The technology, Long Range WAN, operates in unlicensed spectrum and is being promoted by the Long Range Alliance, a global organisation formed earlier this year that is backed by IBM, Cisco and others. Its Australian members are NetComm Wireless, which manufactures technology for machine-to-machine communications using cellular networks; and National Narrowband Network Communications, a startup that it rolling out a Long Range WAN network in Sydney.
Long Range WAN is based on technology developed by US manufacturer, Semtech. There are a number of manufacturers of Long Range WAN products, but according to one, Link-Labs, at present no vendor provides an end-to-end Long Range WAN solution.
A spokesman told ZDNet that the trial would be confined to the Melbourne CBD and that Telstra had no plans at this stage for further deployments. Telstra declined to disclose its suppliers.
“This trial will help inform our view on the role for the technology,” the spokesman said. “The IoT Challenge will help Telstra understand applications that operate within the constraints of a low rate, highly efficient wireless data service of which there are several solutions available.”
Announcing the challenge, Telstra said: “We’re building a test network across the Melbourne CBD: optimised for all the things that don’t send much data. A thing connecting to this network could run for years on a small battery, fit into the palm of your hand and cost less than lunch.”
Telstra’s IoT challenge also includes a “Telstra Application Enablement Platform” and requires contestants to collect data and send it to this platform. The spokesman said Telstra would provide details about this platform closer to the date of the IoT Challenge. The event is scheduled to happen from November 28 to December 3.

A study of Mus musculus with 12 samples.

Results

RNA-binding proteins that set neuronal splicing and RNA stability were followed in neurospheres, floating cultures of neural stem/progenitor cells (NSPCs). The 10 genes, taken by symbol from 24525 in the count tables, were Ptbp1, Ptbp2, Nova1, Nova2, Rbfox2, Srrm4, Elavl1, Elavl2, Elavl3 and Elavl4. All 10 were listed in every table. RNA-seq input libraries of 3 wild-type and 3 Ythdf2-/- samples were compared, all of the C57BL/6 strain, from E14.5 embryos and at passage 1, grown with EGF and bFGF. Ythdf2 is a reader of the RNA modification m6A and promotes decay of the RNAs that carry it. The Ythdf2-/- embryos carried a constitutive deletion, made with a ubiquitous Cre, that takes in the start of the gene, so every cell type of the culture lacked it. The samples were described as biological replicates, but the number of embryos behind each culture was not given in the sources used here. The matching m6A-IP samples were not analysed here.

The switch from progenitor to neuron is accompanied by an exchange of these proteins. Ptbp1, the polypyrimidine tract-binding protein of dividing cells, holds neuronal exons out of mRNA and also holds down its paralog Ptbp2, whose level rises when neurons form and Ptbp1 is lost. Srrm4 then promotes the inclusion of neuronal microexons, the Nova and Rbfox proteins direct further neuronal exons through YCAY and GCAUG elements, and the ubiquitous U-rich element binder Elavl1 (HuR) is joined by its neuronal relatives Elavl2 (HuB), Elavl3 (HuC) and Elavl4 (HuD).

Long Range WAN supports data rates range up to 50Kbps. It is one of a number of new wireless technologies developed for IoT, all designed to overcome some of the main disadvantages of cellular: the technology makes the devices relatively expensive and with short battery life.
However, the cellular standards body, 3GPP, is working on a development of LTE for IoT applications and Telstra said it was also working to accelerate the introduction of 3GPP-based (cellular standards) solutions for IoT. Telstra’s mobile network supplier Ericsson last week demonstrated LTE Power Saving Mode with AT&T and chipset maker Altair.
“The feature is able to dramatically extend IoT device battery life up to ten years or more for common use cases and traffic profiles,” Ericsson said.
Notwithstanding these developments, mobile operators around the world appear to be hedging their bets on IoT technologies. Telco members of the LoRa Alliance include KPN (Netherlands), Bouyges Telecom, SK Telecom, and Swisscom. Orange, which has almost 160 million cellular subscribers worldwide and about 25 million in France, announced in September plans for a Long Range WAN network throughout France.